Cavendish wins; Leipheimer leads
Mark Cavendish calls himself “the fastest rider on earth.” He’s also fearless and focused on the one thing a cycling sprinter cares about most: the finish line.
With that line in his sights Wednesday, Cavendish, the 23-year-old from the Isle of Man who races for Columbia-Highroad and who won four sprint finish stages at the 2008 Tour de France, burst through the final 500 meters of Stage 4 of the Amgen Tour of California for his first win here.
While Cavendish raised his arms in victory, it took a moment of clarification from the camera to confirm he had, indeed, stuck his wheel just ahead of Quick Step star Tom Boonen of Belgium. J.J. Haedo finished third. Cavendish’s winning time was 4 hours 42.38 seconds.
The overall standings didn’t change with Santa Rosa’s Levi Leipheimer of Astana holding a 24-second lead over Australian Michael Rogers of Columbia-Highroad; 28 seconds over David Zabriskie of Garmin-Slipstream; and 30 seconds over his Astana teammate Lance Armstrong. Astana has five riders in the overall top 10, a positive sign for the continued leadership of Leipheimer.
Armstrong also got good news. His stolen time trial bike was returned to Sacramento police.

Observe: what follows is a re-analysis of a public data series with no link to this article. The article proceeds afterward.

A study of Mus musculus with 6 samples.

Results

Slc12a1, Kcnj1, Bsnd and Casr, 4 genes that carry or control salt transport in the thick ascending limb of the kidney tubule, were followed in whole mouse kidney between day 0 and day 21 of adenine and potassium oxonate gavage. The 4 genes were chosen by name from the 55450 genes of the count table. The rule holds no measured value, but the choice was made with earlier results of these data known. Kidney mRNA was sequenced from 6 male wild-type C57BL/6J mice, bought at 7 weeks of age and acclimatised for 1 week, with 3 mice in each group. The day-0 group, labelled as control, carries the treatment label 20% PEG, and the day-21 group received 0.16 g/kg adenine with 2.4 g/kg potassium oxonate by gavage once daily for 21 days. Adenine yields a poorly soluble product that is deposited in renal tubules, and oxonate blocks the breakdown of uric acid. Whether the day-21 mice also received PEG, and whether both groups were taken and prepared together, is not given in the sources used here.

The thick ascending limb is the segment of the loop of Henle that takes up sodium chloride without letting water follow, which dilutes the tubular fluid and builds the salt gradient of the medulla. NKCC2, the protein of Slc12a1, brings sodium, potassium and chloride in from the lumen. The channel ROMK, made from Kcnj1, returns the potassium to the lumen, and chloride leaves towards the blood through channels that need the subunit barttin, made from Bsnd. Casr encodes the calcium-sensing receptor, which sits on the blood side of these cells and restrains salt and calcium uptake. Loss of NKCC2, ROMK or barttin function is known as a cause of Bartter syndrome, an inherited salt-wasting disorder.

Wednesday’s stage, which was missing the wind and rain that had plagued the race, took the peloton into the Sierra Mountains, high enough to find snow and dramatic enough to cause Leipheimer to pause and play tourist.
“The scenery was awesome,” the two-time defending champion said. “I definitely took the chance to slow down and look around a couple of times. I was telling guys, ‘Look, over there, look, over here. It was that beautiful. And there were a ton of people out there in the snow.”
The 115.4-mile stage from Merced to Clovis also took some big names away. Kim Kirchen of Columbia and a Tour de France yellow jersey holder last year, caught his jacket in his spokes and caused a crash that also took out three-time world road race champion Oscar Freire.
Freire broke two ribs and Kirchen broke his collarbone. On a solo crash, last year’s King of the Mountains winner Scott Nydam of BMC suffered a broken clavicle.
Almost as disappointed as the injured racers was 2004 Olympic gold medalist Tyler Hamilton.
Since winning in Athens, Hamilton has spent much of the time fighting a losing battle over a failed doping test. He is now with the Rock Racing team and was at the front of a three-man breakaway for nearly three hours Wednesday.
But in the final two miles, the peloton caught up to Hamilton and his two breakaway brothers, Serge Pauwels of the Cervelo Test Team and Jason McCartney of Saxo Bank.
“I’m disappointed, really disappointed,” Hamilton said.